Effect of Prior Intensive Therapy in Type 1 Diabetes on 10-Year Progression of Retinopathy in the DCCT/EDIC: Comparison of Adults and Adolescents

  1. for the DCCT-EDIC Research Group*
  1. 1Washington University, St. Louis, Missouri;
  2. 2The George Washington University, The Biostatistics Center, Rockville, Maryland;
  3. 3the School of Medicine, Yale University, New Haven, Connecticut;
  4. 4University of Wisconsin–Madison, Madison, Wisconsin;
  5. 5University of Missouri, Columbia, Missouri.
  1. Corresponding author: Neil H. White, white_n{at}kids.wustl.edu.

Abstract

OBJECTIVE The aim of this study was to examine differences between adolescents and adults in persistence of the benefits of intensive therapy 10 years after completion of the Diabetes Control and Complications Trial (DCCT).

RESEARCH DESIGN AND METHODS During the Epidemiology of Diabetes Interventions and Complications (EDIC) study, progression of retinopathy from DCCT closeout to EDIC year 10 was evaluated in 1,055 adults and 156 adolescents.

RESULTS During 10 years of follow-up, HbA1c (A1C) was similar between original intensive (INT) and conventional (CON) groups and between former adolescents and adults. At EDIC year 10, adults in the former INT group continued to show slower progression of diabetic retinopathy than those in the CON group (adjusted hazard reduction 56%, P < 0.0001), whereas in adolescents this beneficial effect had disappeared (32%, P = 0.13). Seventy-nine percent of observed differences in the prolonged treatment effect between adults and adolescents at year 10 were explained by differences in mean A1C during DCCT between adolescents and adults (8.9 vs. 8.1%), particularly between INT adolescents and adults (8.1 vs. 7.2%).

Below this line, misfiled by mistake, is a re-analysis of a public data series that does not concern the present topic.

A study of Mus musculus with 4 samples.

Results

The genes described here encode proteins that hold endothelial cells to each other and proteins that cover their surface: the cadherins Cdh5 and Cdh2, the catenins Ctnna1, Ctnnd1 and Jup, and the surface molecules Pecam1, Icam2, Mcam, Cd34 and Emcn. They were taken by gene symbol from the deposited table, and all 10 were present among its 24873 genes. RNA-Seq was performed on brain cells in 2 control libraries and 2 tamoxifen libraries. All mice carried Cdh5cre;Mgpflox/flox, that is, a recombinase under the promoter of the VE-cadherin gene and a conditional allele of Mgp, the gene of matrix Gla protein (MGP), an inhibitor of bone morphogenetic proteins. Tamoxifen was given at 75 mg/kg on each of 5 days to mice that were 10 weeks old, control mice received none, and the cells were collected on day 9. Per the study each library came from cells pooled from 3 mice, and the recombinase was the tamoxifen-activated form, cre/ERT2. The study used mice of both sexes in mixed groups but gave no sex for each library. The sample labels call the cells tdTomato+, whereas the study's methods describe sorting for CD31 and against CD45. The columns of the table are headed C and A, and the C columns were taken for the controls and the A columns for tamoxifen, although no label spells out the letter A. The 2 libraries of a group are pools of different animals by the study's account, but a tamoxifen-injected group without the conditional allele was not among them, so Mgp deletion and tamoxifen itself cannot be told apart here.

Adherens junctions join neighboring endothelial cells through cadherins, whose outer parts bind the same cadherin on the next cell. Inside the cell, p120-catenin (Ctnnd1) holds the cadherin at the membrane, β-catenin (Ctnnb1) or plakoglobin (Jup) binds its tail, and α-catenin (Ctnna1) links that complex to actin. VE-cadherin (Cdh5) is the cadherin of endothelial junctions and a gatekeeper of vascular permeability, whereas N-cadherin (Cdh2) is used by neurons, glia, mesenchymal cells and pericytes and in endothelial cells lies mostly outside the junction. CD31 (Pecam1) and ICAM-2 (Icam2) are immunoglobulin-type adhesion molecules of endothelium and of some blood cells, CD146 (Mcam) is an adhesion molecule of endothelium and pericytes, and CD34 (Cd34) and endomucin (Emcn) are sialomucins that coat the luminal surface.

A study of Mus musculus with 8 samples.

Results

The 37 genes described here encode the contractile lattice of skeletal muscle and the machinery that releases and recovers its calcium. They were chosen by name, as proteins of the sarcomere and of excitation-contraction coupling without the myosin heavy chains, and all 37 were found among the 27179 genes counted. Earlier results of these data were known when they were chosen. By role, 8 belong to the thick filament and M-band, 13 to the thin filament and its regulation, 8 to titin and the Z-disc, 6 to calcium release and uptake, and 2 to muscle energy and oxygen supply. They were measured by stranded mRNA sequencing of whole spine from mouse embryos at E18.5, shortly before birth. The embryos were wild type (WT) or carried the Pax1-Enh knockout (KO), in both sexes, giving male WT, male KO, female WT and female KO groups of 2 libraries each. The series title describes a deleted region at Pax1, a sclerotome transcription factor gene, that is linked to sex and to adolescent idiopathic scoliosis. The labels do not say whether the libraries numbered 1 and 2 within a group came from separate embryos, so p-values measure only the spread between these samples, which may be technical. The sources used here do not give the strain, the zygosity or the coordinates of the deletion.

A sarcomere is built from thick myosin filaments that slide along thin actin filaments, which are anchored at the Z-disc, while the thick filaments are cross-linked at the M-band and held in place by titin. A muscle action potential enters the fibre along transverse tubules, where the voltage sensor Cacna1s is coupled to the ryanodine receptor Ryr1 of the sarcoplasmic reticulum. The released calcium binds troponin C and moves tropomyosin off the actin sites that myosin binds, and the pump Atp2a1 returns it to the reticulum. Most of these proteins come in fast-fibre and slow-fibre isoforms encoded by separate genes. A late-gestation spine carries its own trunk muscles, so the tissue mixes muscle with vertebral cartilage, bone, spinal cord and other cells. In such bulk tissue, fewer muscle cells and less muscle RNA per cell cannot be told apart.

CONCLUSIONS Prior glycemic control during DCCT is vital for the persistence of the beneficial effects of INT therapy 10 years later. Lowering A1C to as close to normal as safely possible without severe hypoglycemia and starting as early as possible should be attempted for all subjects with type 1 diabetes. These results underscore the importance of maintaining A1C at target values for as long as possible because the benefits of former INT treatment wane over time if A1C levels rise.

Footnotes

  • *A complete list of the participants in the Diabetes Control and Complications Trial (DCCT)/Epidemiology of Diabetes Interventions and Complications (EDIC) Research Group can be found at Arch Ophthalmol 2008;126:1713.

  • Clinical trial registry nos. NCT00360815 and NCT00360893, clinicaltrials.gov.

  • The costs of publication of this article were defrayed in part by the payment of page charges. This article must therefore be hereby marked “advertisement” in accordance with 18 U.S.C. Section 1734 solely to indicate this fact.

    • Received August 14, 2009.
    • Accepted February 1, 2010.

Readers may use this article as long as the work is properly cited, the use is educational and not for profit, and the work is not altered. See http://creativecommons.org/licenses/by-nc-nd/3.0/ for details.